There are 5 subtle areas that the Eagles must improve upon for the 2011 season that aren’t being talked about too much this offseason. Most of the focus has been on the need for improving their defense as well as the offensive line. They’ve begun to address those areas with some key coaching changes and acquiring some new talent via the draft. Plus eventually they will have free agency to help fill the remaining holes on the team. However, let’s take a look at 5 specific things that need to improve but do not require any new players or coaches.
Penalties: In 2010 the Eagles were the third most penalized team for the second highest yardage total. They committed a whopping 129 penalties for a total of 1,101 yards and gave up 33 automatic first downs. That’s some undisciplined football right there folks! Penalties are momentum killers for an offense, back breakers for a defense, and can ultimately impact the outcome of a game. To put this in perspective, the Super Bowl Champion Packers had only 78 penalties for 617 yards. This is an area the coaches need to put extra emphasis on in practice this year.
Red Zone Defense: The Eagles had a historic year in 2010 in this area. Unfortunately it’s in the same history book where you can read about the Detroit Lions’ epic winless season. The Eagles’ defense gave up a completely unacceptable scoring rate of 97.7% in the red zone last year. Out of 43 total possessions by opponents inside our 20 yard line, they scored 33 TDs and 9 FGs. There was only one time where a team didn’t walk away with points once reaching this area of the field. The 77% touchdown rate is particularly alarming. Hopefully Juan Castillo has an answer for this.
Getting off the field in third and long situations: How many times last year do you remember giving up a first down when the defense had an offense in a third and long? Too often for my liking. Out of 50 plays last season where the opponent was in a third and 8 – 10 situation, the Eagles defense gave up a first down 18 times for a 36% conversion rate. That’s giving up a little more than one out of every three attempts. That’s also not counting how many times they gave up a first down on third and long via penalty. Obviously we need to stiffen up in this area.
Run the ball more…with our running backs: Yes, this is about the good ole run/pass ratio that Eagles fans love to beat on Andy Reid about. However, this is a slightly different twist. Stats will show the Eagles as having a run/pass ratio of 57% pass, 43% run, and ranked as the 5th best rushing team in the NFL. That is very misleading though. Out of 428 total rushes by the offense, 134 of them were by Michael Vick, Kevin Kolb, Desean Jackson, and Jeremy Maclin. That means only 68% of our running plays actually went to a running back when we have the uber-talented Lesean McCoy at our disposal. Additionally, if you removed the Vick and Kolb rushes (because they were mostly called pass plays), our run/pass ratio is actually 70% pass and 30% run.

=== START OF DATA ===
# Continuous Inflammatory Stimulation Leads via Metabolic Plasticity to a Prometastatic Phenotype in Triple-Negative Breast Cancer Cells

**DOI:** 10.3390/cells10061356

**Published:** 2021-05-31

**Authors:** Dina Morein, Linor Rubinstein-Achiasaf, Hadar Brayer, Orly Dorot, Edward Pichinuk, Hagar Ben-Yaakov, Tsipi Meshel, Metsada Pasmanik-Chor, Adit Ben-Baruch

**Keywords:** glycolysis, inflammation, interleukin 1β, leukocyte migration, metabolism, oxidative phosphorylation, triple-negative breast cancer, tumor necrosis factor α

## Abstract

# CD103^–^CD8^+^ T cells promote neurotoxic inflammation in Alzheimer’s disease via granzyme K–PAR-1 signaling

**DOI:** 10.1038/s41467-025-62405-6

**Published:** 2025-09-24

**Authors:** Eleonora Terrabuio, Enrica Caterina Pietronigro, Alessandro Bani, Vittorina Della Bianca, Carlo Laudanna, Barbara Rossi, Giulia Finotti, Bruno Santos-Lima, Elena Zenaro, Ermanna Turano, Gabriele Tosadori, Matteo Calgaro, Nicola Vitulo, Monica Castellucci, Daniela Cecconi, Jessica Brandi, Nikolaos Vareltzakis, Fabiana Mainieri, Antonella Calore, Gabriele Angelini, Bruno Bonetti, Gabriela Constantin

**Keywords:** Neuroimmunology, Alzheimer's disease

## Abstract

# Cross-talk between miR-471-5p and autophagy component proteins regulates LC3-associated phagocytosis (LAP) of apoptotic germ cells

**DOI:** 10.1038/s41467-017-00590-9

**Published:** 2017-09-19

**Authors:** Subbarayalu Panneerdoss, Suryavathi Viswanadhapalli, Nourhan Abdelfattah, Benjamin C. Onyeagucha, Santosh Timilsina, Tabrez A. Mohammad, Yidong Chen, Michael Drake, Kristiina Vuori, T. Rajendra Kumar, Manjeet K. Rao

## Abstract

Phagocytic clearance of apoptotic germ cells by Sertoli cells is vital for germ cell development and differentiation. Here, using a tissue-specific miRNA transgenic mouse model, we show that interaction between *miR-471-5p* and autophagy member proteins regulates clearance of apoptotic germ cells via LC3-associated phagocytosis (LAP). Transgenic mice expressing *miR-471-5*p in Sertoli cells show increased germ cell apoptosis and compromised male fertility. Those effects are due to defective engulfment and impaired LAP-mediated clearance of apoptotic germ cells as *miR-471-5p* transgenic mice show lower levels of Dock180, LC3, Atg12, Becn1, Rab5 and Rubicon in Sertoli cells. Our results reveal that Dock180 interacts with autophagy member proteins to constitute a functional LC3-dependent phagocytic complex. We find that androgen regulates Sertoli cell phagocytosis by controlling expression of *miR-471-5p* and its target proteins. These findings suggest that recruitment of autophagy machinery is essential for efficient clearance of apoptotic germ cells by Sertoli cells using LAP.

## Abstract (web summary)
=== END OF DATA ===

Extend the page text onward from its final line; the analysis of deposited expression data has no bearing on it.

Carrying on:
In contrast, here are the pass/run ratios and percentages of running plays that were by a running back for the past three Super Bowl Champions: Packers (57/43, 85%), Saints (54/46, 92%), Steelers (52/48, 89%). Obviously they don’t have Michael Vick as their quarterback but it does show that when they run the ball, it’s mostly a true called running play.
Replay Challenges: This one really drives me crazy. Andy Reid seems to have too much trouble in deciding what plays to challenge and what plays not to challenge. I’m not sure if the problem is with Reid or with someone who should be designated to watching instant replays in the coaches booth. Or maybe there isn’t anyone dedicated and that’s what the problem is. His record on replay challenges for the past five years is eight reversals out of 26 challenges. That’s about a 31% success rate. Where that ranks among other coaches is unknown to me at this point since these statistics are difficult to find.
But what there is not a statistic for is how many times Reid didn’t challenge a call when it seemed clear that it would have been overturned. You can only know this if you watch the games and pay attention. Over the years it has become quite evident that Reid needs help in this manner. I think I’ll send him my resume because I can’t understand how I can judge whether or not to challenge a play in the matter of 20 seconds yet a “professional” cannot. I’m available Andy, let’s talk!
Ok, some of these may not be exactly “subtle” changes depending on how familiar you are with the Eagles. A few may even be sore spots for some folks. But just as adding talent to the roster and coaching staff is critical in fielding a competitive team, the teams that can fine tune the details seem to make the difference between being good and great.